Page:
Apple Pie, Hold the Apples: Fooling Some of the People Some of the Time
Jan. 15, 1991
NEW YORK (AP) _ At a time when cooks are demanding the freshest from-the-farm ingredients, apparently there's still room in plenty of recipe files for an ''apple'' pie made with nary a hint of apple.
''There is no logical reason to make mock apple pie today, but I think people do it because there is that sense of mischief about it,'' said Michael Stern, chronicler of down-home eats and mocker of high cuisine.
Mock apple pie is made with crackers, lemon, sugar, spices and water. When baked in a pie crust and then cooled, the consistency and taste resemble apple pie, although few people would be tricked if served the mock and real pies side-by-side.
''I actually have been fooled by it. I was astounded, truly astounded,'' Stern said. He could tell, he said, only ''when I looked very, very closely and really thought about it.''
Nabisco Brands Inc. popularized a version of the recipe using its Ritz crackers. A recipe was printed on the box for a half-century, until 10 years ago. But after receiving 1,500 requests for it a year, the company said, it will again provide the recipe on Ritz boxes beginning next month.
Marilyn M. Moore, who has a mock apple pie recipe using saltines in her ''The Wooden Spoon Dessert Book,'' dates the recipe to the Civil War, when, she speculated, apples probably were scarce.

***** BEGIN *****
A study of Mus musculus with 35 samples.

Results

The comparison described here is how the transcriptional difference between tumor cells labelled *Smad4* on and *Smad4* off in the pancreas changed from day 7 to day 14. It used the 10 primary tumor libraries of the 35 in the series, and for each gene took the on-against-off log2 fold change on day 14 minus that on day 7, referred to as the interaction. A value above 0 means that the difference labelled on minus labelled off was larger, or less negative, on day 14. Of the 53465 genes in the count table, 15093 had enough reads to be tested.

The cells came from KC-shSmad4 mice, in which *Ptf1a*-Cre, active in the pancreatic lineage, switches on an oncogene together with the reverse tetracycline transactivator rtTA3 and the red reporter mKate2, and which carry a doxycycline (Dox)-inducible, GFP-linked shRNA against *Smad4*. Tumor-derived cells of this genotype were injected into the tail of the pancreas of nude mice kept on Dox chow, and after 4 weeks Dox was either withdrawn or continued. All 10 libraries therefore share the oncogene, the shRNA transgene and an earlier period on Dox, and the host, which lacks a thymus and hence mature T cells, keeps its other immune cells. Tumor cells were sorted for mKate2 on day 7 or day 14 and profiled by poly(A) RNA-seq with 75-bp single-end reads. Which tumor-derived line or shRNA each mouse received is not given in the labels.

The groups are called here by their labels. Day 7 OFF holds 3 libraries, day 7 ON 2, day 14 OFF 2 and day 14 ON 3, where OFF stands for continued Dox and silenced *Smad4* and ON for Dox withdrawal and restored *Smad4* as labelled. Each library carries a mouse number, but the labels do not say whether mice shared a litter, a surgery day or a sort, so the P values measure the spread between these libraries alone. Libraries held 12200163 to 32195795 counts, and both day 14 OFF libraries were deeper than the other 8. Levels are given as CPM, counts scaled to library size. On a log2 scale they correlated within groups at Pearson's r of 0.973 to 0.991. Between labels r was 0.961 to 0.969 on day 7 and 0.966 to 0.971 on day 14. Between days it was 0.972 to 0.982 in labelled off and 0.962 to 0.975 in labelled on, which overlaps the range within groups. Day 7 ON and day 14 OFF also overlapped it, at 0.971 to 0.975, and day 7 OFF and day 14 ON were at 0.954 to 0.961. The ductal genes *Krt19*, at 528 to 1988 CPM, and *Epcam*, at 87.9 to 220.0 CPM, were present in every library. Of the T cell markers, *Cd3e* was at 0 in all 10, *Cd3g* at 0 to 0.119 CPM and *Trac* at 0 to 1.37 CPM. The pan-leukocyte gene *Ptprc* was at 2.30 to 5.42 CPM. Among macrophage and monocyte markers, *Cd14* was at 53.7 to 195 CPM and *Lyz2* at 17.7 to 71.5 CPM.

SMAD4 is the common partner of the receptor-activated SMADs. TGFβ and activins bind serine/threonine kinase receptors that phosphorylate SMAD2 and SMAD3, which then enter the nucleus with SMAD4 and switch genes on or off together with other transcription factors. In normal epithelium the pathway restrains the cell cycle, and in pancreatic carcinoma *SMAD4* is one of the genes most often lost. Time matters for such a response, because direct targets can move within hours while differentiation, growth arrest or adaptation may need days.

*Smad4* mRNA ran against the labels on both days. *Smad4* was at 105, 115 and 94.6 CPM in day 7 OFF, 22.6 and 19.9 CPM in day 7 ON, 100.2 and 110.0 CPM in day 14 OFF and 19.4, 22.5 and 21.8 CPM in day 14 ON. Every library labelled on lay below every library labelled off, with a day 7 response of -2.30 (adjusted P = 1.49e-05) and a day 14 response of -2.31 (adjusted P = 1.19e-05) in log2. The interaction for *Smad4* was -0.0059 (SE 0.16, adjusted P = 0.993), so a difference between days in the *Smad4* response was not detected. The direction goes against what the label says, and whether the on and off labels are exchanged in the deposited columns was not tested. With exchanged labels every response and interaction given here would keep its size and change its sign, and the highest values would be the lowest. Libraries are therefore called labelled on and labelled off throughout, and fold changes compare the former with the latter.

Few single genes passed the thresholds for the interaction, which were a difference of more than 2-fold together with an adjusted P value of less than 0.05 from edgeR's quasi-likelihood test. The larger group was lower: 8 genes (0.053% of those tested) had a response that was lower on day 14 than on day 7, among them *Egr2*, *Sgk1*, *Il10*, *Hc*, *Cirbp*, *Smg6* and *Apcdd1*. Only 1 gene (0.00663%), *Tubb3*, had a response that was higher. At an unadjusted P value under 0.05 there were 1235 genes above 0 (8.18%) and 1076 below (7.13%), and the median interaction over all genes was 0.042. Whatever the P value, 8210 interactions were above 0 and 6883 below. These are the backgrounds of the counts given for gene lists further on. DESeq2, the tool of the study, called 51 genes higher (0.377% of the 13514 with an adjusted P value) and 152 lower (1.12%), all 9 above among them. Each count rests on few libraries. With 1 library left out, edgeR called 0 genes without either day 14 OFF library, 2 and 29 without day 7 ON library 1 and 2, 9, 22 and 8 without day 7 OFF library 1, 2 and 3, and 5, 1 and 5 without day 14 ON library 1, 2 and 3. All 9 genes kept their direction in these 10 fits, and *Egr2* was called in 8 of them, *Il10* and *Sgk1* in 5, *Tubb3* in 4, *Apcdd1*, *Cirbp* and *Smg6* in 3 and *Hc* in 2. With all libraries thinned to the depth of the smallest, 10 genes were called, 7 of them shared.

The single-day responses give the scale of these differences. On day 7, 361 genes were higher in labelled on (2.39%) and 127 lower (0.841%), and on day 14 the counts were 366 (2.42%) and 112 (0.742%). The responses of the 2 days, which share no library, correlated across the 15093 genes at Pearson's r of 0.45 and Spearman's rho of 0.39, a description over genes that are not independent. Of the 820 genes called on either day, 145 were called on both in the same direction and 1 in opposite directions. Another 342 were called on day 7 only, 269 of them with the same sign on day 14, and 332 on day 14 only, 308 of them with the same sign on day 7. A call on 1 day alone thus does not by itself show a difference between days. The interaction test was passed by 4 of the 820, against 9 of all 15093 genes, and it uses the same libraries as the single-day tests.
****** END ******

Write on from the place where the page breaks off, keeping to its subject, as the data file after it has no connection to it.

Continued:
The recipe found favor again during the Depression, probably for the same reason.
Mock apple pie is the kind of food ''people ate in the South when there was virtually nothing in the produce section - just potatoes, onions and pink tomatoes,'' said Texas native Ruth Adams Bronz, owner of Miss Ruby's Cafe in New York City.
''There is now a sort of nostalgic value to it. It's the same reason people like Jell-O. They remember their mothers served it,'' Stern said. ''It's not fashionable, but there is something quaint and old-fashioned and comfortable about it.''
Faye Egan, manager of Nabisco's consumer food center, notes that with mock apple pie, there's no need to to slice apples. But of course, the trickiest part of making pie is the crust, needed for either version.
The Ritz recipe has not changed because consumers want the original, Egan said from the company's East Hanover, N.J., offices. They want to convince family or friends it really does taste like apple pie, or to recreate a food of their past, she said.